Google Earnings Review Q3 2014

  • Google revenue and Non-GAAP EPS missed estimates in Q3 2014.
  • Google's revenue growth was strong and profitability was lower partly due to non-cash expenditures.
  • Google valuations indicate a huge upside potential.

Google (NASDAQ:GOOG) reported its Q3 2014 earnings on 16 October, post market hours. The company missed revenue estimates marginally. However, Google’s non-GAAP EPS missed estimates by a larger margin. While Google’s revenue growth remained robust, the decline in profit margins was largely on account of non-cash expenses like impairment of patents and stock based compensation. Google’s stock was down about 2% in after-market trading. On the whole, Google’s performance was decent with more positives than negatives. We remain bullish about the potential upside in Google valuations from its current price of $537 a share.

Google Revenue & EPS Q3 2014 – Estimates Vs Actuals

In Q3 2014, Google registered a revenue of $16.52 billion, missing the consensus estimate (average) by $70 million. Google’s EPS (Non-GAAP earnings per share) of $6.35 was 19 cents lower than estimates.

Consensus Estimates











Google Revenue Growth

Google’s revenue continued to grow at a healthy pace, clocking a 20.5% YoY growth in Q3 2014. Google’s core business growth of 17% YoY marked an improvement over the 15% growth in Q3 2013.

Ad-revenue from Google’s O&O (Own & Owned) sites grew at 20% YoY, and continued to expand their share of total ad-revenue. Google’s O&O sites continued to drive Google’s aggregate Paid Clicks. However, growth in paid clicks slowed compared to previous quarters. In the con-call, Google’s management attributed the slowdown to routine fluctuations and changes made to improve mobile click pricing that impacted “lower quality clicks”.

Ad-revenue from Google’s partner sites or ad-network accelerated for the fifth quarter on the trot, growing at 9% YoY. Paid Clicks growth was slower in Q3 compared to the growth of 9% in Q2 2014 and 5% in Q3 a year ago.

YoY Growth




Paid Clicks








The CPC (Cost Per Click) or click pricing has been falling consistently quarter after quarter, both on Google’s sites as well as on its network.

However, the good news for Google is that CPC decline rates have slowed significantly over the last 4 quarters on its O&O sites, where it generates over 76% of its revenue. This has held up Google’s aggregate CPC. In contrast, CPCs on network sites have been falling at a faster pace every quarter, for the last 4 quarters. CPCs on the network declined by 4% this quarter as opposed to a 13% fall a quarter ago. Google’s Traffic Acquisition Costs (TAC) came in at 22.8% of revenue.

Google’s other revenue grew by 50% to reach $1.84 billion. Growth in this segment drove the overall growth rate and could continue to do so, as Google recently launched a number of products including Nexus 6, Nexus 9 Tab and 5 new Chromebook devices.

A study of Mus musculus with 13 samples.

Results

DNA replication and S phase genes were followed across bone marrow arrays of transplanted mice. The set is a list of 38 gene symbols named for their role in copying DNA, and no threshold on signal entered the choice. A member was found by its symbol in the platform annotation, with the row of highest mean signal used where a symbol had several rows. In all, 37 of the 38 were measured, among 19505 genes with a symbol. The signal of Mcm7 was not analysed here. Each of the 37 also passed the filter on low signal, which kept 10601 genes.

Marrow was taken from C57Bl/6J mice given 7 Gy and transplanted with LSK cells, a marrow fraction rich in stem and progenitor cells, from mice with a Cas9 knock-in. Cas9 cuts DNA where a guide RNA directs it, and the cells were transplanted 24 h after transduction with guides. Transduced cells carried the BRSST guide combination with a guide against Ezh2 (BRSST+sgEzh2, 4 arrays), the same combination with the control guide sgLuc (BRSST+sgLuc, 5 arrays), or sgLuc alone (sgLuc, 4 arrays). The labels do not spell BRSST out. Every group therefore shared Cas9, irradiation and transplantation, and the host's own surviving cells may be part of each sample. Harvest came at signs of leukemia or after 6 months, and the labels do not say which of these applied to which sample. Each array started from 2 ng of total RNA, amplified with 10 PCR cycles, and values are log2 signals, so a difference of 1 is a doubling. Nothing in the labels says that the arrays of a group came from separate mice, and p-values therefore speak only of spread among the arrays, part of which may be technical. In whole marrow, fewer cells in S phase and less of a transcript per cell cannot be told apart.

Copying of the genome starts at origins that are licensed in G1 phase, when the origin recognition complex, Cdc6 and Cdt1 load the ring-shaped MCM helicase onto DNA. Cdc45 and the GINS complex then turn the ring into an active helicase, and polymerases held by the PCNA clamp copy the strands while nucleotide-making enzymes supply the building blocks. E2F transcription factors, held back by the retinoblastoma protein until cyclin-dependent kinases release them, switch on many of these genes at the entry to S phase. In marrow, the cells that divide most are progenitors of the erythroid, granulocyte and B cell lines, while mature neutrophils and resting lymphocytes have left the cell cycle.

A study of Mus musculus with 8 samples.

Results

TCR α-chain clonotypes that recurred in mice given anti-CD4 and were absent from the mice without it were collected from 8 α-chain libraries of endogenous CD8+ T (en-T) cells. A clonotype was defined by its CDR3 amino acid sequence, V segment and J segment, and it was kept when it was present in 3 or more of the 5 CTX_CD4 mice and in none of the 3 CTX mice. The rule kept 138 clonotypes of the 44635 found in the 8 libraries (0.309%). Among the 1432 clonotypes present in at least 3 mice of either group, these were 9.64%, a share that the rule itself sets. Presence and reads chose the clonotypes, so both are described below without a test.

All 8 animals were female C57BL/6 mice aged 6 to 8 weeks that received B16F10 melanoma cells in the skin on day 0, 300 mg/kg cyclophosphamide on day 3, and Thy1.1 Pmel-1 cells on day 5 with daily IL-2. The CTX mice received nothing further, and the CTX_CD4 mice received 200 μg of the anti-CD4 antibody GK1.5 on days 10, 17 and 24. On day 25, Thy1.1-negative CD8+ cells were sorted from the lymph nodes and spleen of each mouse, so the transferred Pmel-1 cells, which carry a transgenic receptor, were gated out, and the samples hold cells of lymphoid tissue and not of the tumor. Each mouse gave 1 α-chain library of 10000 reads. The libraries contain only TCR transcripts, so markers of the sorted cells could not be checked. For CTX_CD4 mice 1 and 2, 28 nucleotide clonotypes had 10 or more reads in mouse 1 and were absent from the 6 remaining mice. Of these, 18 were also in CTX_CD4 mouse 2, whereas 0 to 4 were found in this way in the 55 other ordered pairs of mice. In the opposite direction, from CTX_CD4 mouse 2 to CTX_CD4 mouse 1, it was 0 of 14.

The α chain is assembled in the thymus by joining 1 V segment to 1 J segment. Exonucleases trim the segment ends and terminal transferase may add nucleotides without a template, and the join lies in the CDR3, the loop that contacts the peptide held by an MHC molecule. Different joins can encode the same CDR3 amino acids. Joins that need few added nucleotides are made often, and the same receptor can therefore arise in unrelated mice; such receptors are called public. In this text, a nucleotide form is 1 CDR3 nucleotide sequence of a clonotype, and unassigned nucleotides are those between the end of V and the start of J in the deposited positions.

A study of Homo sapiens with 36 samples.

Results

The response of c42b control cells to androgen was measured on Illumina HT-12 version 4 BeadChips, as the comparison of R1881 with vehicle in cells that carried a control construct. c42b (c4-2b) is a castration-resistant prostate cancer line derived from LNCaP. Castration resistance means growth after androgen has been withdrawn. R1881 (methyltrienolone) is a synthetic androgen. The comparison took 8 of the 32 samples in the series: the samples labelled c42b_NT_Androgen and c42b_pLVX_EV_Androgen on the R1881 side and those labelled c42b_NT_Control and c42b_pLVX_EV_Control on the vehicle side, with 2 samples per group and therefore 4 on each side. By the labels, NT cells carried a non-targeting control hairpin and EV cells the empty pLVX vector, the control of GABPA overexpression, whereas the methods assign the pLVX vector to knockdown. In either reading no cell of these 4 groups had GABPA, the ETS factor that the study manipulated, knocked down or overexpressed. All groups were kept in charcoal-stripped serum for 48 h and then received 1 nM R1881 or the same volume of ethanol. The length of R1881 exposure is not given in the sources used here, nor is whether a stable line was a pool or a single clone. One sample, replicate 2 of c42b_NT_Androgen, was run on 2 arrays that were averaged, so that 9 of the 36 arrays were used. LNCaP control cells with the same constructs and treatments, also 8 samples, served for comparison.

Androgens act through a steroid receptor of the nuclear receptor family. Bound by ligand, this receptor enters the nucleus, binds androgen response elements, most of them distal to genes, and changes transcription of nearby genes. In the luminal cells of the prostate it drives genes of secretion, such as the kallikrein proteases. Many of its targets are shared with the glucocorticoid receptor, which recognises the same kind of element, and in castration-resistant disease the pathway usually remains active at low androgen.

To sum up, Google’s revenue growth was healthy, with positives emerging out of its non-core business and advertising on its O&O sites.

Google Profitability

Google registered operating and net income of $3.72 and $2.81 billion respectively, translating to operating and net profit margins of 22.5% and 17%. Google’s profit margins declined compared to the levels seen in the last several quarters. However, the company’s costs spiked largely on account of two non-cash expenditures:

  • $378 million - Impairment charge on patent licensing royalty asset acquired as part of Motorola Mobility
  • $375 million – Increase in stock based compensation (SBC) compared to the SBC in Q2 2014

The increase in stock based compensation was explained as part of the 2 year cycle of compensating top executives. A similar dip in profit margins can be seen in Q3 2012 as well.

Excluding these two costs, Google’s operating margin comes in at about 27%, higher than it has been in over 2 years, and its net margin, at 20.4% is marginally lower than it has been over the last twelve months. The computation is based on Google’s effective tax rate of 22% during Q3 2014.

Here again, it’s worth noting that Google’s headcount still includes about 3500 employees (6.3% of total headcount) from the Motorola business.

Based on these factors and given that the lower margins aren’t arising from competitive pressures, Google’s profit margins could return to more familiar levels in the coming quarters.

Google Valuations

We see Google’s Q3 2014 results to have more positives than negatives. Google’s profitability isn’t as bad as it seems to be. Further, Google has continued to deliver solid growth.

Google is currently trading at $535 a share. Google’s PE and Price to Sales ratio of 5.5 and 27.4 respectively indicate a strong upside potential. Based on its average PE and Price to Sales ratio over the last year, the stock has the potential to trade at approximately $595 a share.

Further, as we had mentioned in our Google valuation pre earnings, Google is growing at a fast enough pace to meet analyst estimates for FY 2014. To meet full year revenue estimates of $66.3 billion, Google’s revenue needs to grow at about 17% YoY (excluding Motorola) in Q4 2014. Given its track record, Google looks likely to achieve that growth rate. Based on its PE and PS averages over the last year, Google could be trading at about $640 by Jan 2015 (Q4 results announcement).

Our Google stock analysis assigns Google a buy rating at its current valuations.